Sens. Bill Cassidy, R-La., and Lindsey O. Graham, R-S.C., will release a revised version of their health care bill Monday aiming to send more health care dollars to the states of key holdout Republicans.

The Cassidy-Graham bill overhauls the Affordable Care Act by lumping together spending on subsidies and Medicaid expansion and redistributing it to states in the form of block grants.

Alaska would get 3 percent more funding between 2020 and 2026 and Maine would get 43 percent more funding during that time period, according to a summary of the revised legislation obtained Sunday by The Washington Post.

Republican senators from both states, Lisa Murkowski of Alaska and Susan Collins of Maine, have said they want to understand how Cassidy-Graham would affect their states before supporting the bill.

Both senators have expressed deep opposition to cuts to health care spending under previous versions. Independent analysts had estimated that both states would lose federal funding under the earlier Cassidy-Graham bill.

Collins, a moderate Republican who has opposed previous efforts that cut Medicaid and eased coverage requirements, said in a TV interview that it was “very difficult” to envision herself voting for the health care bill.

Speaking on CNN’s “State of the Union,” Collins cited concerns about how the Cassidy-Graham legislation would affect Medicaid recipients and people with preexisting medical conditions, among other things.

“It is very difficult for me to envision a scenario where I would end up voting for this bill,” Collins said. “I have a number of serious reservations about it.”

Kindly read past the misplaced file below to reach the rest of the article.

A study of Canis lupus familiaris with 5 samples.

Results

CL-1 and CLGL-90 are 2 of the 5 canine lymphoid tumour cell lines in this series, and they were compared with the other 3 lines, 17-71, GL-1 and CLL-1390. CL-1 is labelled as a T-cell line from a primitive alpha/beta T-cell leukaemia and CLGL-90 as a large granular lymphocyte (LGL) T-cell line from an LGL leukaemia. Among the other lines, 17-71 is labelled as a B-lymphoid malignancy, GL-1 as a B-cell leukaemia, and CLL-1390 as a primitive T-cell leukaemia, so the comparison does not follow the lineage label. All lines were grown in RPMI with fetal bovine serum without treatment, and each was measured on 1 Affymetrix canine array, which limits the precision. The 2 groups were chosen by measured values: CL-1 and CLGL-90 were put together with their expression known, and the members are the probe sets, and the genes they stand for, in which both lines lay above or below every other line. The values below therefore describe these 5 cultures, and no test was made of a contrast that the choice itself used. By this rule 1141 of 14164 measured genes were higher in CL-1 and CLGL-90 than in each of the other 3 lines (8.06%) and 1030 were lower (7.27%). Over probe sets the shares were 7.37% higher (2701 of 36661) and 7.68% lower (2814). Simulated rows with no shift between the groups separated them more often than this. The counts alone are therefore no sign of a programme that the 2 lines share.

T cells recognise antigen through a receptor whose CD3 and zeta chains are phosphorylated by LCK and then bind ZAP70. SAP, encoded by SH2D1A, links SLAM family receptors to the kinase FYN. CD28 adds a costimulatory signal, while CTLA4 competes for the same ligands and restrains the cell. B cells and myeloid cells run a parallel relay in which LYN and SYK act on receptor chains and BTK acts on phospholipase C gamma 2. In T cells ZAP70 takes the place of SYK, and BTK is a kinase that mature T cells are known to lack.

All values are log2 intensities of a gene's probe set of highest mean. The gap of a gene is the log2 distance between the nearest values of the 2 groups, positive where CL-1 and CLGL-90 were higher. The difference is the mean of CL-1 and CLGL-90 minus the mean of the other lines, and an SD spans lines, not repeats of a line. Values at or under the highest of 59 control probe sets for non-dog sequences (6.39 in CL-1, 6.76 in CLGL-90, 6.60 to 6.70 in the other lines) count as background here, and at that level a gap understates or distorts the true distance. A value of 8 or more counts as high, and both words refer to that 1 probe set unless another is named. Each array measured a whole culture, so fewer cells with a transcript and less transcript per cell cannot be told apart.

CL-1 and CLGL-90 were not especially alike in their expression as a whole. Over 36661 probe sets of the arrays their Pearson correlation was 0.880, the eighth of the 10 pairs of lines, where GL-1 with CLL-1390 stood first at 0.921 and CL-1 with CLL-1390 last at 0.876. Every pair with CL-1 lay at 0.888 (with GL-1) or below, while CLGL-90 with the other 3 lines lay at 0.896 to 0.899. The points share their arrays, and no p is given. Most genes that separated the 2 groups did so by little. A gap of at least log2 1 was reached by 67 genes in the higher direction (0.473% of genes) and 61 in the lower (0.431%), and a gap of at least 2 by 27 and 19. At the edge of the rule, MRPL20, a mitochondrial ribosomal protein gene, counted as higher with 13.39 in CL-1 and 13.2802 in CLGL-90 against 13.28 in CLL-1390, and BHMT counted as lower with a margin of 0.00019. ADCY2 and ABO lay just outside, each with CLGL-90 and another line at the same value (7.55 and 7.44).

Collins voted against a repeal bill in July, and she is a key vote in the current dynamic.

She said she chatted at length with Vice President Mike Pence on Saturday, but it wasn’t enough to sway her. She said she wants to see the limited analysis due out this week from the nonpartisan Congressional Budget Office before making a final decision.

Arizona, where Republican Sen. John McCain has also indicated he may not vote for the bill, would see a 14 percent increase in funding, according to the estimates. The estimates also take into account the amount of money states would save because they no longer have to match the expanded Medicaid program with any of their own dollars.

The floundering Republican attempt to undo the Affordable Care Act met hardening resistance from key Republican senators Sunday that left it on the verge of collapse even as advocates vowed to keep pushing for a vote this week.

With party leaders just one “no” vote away from defeat, Republican senators from across the political spectrum distanced themselves from the plan written by Cassidy and Graham. They voiced opinions ranging from measured skepticism to outright hostility toward a proposal that had already been trending toward failure over the past three days.

The fresh discord over a signature Republican promise added turbulence to the start of a critical week for President Trump and Senate Majority Leader Mitch McConnell (R-Ky.). In addition to health care, both are watching Tuesday’s special-election primary runoff in Alabama, a high-stakes intraparty fight between establishment Republicans and conservatives that could set the tone for the midterm elections next year. Republican leaders also are expected to unveil their most detailed blueprint yet of tax cuts they hope to pass by the end of the year.